This edition of MetroFocus examines the success of mentoring in the public schools starting with a visit to the not yet two year-old Academy for Software Engineering near Union Square. Reporter Rick Karr shows us how the new public high school is incorporating the iMentor program into the curriculum. It’s a new approach to mentoring that combines face-to-face interaction with weekly emails and four-year long relationships with students. In a follow up interview, iMentor CEO Mike O’Brien tells MetroFocus host Rafael Pi Roman, “We’re trying to partner with the schools that have the biggest college challenge, serving majority first-generation college students from low-income communities, and prove that those students can get into college and complete college at the same rates as their peers all across the country.”
President of the Rockefeller Foundation, Judith Rodin, has some serious suggestions for New York Mayor Bill de Blasio to make the city more resilient and ready to withstand another Superstorm Sandy. The Rockefeller Foundation named New York as one of the first cities to be funded in the new 100 Resilient Cities Centennial Challenge, a project designed to help cities around the world implement urban resilience plans through technical support and funding for the cities to hire Chief Resilience Officers. Rodin recommends that de Blasio move quickly on this. “He absolutely must appoint a Chief Resilience Officer. Our resources will support that individual, and this is somebody who must have the capacity within City Hall to kind of bring all the silos together, knock the relevant heads that need to get knocked.”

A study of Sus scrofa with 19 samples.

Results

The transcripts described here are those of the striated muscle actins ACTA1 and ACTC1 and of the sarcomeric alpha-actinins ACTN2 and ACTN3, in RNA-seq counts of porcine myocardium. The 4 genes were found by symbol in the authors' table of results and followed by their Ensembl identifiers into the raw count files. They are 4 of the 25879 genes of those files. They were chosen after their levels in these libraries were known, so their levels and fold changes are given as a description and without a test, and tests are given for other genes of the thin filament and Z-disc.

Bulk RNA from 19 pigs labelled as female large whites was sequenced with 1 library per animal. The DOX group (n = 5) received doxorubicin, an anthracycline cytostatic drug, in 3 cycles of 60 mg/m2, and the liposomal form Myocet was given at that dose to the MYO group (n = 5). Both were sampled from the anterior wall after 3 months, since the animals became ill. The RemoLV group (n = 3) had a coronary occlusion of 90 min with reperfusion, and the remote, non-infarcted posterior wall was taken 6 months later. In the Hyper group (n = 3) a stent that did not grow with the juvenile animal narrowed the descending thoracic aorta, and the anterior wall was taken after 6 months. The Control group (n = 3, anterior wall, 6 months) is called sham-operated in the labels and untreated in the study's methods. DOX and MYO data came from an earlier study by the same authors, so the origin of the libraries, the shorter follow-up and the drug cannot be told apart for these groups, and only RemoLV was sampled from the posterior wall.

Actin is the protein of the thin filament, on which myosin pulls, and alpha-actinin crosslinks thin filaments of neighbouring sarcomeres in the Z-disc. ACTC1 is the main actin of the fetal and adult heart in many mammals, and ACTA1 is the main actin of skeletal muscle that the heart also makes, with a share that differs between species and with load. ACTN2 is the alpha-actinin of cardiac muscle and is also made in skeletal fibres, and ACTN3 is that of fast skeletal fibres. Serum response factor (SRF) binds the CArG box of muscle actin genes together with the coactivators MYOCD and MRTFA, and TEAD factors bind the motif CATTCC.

NJTV reporter Lauren Wanko has the story of veterans in New Jersey bringing a workhorse from the Vietnam War back to life. The veterans’ mission to restore a 1964 Huey helicopter that served two tours is an opportunity to bond, and Marine Sergeant William Carolan told Wanko, “With this project and projects like this, it will help Americans realize what we’ve sacrificed and what the American people need to remember, so we don’t repeat our past.”
And what do the PBS Masterpiece series Downton Abbey and a Broadway musical have in common? Jazz. It’s 1922 on the British drama and jazz is becoming all the rage upstairs and downstairs. In “After Midnight,” a new musical at the Brooks Atkinson Theatre, the story of the Harlem Renaissance comes to life with the music, history, and rhythm of jazz. Director and choreographer Warren Carlyle and principal dancer Karine Plantadit give us an inside look at what made jazz a sensation in the 1920’s and 30’s.